This is an “Ultra Dwarf Compact Stella Sweet Cherry” from Pacific Groves. According to the tag, it is good for eating and preserving, and it grows to be between 5 and 8 feet tall.
The Pacific Groves website suggests that I use potting soil for the tree. But I’m not sure that potting soil has enough nutrients, and I’m VERY sure that Fresno is a hot place during the summer and this tree is going to need a way to keep water in the soil.
So I used 1/3 potting soil, 1/3 compost, and 1/3 vermiculite. This is somewhat reminiscent of the Square Foot method. The result is something that I hope to be nutritionally sufficient, and good at keeping and holding moisture in the pot.
And, about that pot. Although it has the look of concrete or clay, it is actually a double-walled resin pot. The problem with clay pots is that they sweat moisture, and dry out very quickly. Concrete pots heat up in the sun and transfer that heat to the soil. My hope is that with a light-colored double-walled pot, heat transfer won’t be as much of a problem.
The pot was sealed on the bottom, so I drilled out four 1/4 inch holes to allow the water to run through.
The pot looks a little small. However the tree is already 3 feet tall. The pot should be sufficient for a 5-6 foot tall tree. If, after a few years, the tree is 8 feet tall, I’ll consider repotting it. But I don’t really think that will be necessary.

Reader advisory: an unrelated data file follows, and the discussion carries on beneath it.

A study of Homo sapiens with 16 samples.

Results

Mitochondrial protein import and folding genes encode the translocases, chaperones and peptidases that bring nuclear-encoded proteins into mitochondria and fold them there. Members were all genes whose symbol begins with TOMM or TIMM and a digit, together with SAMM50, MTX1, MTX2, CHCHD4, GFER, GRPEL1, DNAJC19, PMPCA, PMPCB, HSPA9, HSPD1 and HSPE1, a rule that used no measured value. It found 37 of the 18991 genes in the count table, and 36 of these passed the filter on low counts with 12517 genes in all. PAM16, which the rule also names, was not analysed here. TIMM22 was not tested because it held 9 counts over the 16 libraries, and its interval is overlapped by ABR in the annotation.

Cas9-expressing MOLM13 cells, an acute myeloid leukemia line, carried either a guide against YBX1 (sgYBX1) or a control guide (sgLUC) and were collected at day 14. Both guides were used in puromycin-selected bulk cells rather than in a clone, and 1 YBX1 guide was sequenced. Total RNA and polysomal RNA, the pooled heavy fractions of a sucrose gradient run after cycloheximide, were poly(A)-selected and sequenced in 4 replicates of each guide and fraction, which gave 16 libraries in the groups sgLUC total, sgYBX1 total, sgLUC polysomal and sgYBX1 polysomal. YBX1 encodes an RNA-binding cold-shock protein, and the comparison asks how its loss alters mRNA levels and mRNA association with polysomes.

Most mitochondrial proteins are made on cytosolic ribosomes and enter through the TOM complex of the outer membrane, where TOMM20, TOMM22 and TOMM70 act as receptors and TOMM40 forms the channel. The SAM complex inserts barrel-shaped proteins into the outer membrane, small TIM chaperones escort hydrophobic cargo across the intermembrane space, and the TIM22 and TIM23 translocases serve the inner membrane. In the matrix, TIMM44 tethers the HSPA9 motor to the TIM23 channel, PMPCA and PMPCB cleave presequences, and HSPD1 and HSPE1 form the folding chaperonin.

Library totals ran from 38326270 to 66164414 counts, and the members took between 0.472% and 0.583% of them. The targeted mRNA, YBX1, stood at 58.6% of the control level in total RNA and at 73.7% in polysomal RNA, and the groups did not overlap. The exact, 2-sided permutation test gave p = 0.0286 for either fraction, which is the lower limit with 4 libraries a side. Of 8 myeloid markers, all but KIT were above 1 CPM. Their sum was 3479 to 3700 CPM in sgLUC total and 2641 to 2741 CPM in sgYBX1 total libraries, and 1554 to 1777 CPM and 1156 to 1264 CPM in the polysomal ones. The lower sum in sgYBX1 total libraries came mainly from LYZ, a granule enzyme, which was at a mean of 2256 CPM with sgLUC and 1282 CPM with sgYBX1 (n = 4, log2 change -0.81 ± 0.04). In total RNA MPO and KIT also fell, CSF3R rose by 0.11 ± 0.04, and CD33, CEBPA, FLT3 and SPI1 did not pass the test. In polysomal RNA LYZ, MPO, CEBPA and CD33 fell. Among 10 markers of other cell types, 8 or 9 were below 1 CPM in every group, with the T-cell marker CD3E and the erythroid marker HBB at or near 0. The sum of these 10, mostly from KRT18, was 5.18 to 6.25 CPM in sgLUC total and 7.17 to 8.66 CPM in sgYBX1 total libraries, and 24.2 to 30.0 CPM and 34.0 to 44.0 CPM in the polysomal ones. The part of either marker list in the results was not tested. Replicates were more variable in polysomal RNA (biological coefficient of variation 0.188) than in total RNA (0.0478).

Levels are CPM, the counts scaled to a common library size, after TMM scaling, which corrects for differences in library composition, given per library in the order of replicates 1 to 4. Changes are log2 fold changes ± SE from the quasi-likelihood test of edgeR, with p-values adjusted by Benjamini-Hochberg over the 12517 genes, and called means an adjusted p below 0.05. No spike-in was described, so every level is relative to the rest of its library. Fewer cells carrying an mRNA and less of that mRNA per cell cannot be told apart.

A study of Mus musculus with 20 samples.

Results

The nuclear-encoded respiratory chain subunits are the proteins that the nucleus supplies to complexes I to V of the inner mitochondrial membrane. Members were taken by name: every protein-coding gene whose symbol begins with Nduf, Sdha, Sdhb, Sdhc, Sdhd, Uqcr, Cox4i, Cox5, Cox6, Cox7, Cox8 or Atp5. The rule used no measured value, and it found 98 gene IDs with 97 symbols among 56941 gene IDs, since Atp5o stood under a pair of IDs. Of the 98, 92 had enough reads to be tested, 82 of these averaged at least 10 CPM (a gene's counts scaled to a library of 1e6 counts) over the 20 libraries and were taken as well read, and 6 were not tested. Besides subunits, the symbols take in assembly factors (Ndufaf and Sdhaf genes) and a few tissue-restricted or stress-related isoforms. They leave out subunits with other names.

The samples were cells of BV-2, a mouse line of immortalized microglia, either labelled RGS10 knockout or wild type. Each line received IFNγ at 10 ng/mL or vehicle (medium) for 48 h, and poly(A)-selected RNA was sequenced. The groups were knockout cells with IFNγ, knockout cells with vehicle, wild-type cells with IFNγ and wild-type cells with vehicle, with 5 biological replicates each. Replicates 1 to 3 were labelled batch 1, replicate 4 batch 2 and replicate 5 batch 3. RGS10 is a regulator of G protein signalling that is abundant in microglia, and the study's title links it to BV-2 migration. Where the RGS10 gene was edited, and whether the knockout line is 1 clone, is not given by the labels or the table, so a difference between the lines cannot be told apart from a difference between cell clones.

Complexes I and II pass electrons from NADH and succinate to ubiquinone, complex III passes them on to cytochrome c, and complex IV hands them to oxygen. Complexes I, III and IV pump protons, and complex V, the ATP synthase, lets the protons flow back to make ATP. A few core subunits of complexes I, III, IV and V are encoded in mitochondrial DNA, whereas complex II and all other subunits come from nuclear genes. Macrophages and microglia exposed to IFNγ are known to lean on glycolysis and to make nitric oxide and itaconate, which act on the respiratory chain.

This is the first time I’ve tried planting a potted plant without first putting gravel in the bottom of the pot. In the past I’ve added gravel or pot-shards in the bottom to promote good drainage, but some people say that this is a myth, and that it is better to just use a tray under the pot where water can accumulate and keep things humid.
So that’s what I’ve done here. The soil is full of compost, so I’m not worried about it washing out of the draining holes in the bottom. The roll-around tray that the pot sits in allows water to collect, but it also has spacers to allow the pot to sit on the tray without sitting in this water and rotting the bottom of the soil. This should result in a high humidity area that isn’t actually soaked all the time.
Last, I put Tanglefoot around the edge of the mobile tray to keep the Argentine Ants out of my cherry tree! I’ll need to make sure that the tree doesn’t actually touch any structure (like a fence or pole) which might allow the ants access.
Before the summer heat really gets bad, I’ll add a sheet of plastic to the top of the soil to keep water from evaporating quickly in that direction. I’ll add some mulch to the top of that to keep the heat down. But right now in winter, it doesn’t really matter.
The cherry tree is sleeping now. The buds seem a little greener, so perhaps it is getting ready to bloom in the spring. I plan on removing any fruit this year, and allowing it to spend its energy on growth. We will see if we get any fruit next year or the year after.
Next up, creating an automatic drip to the tree!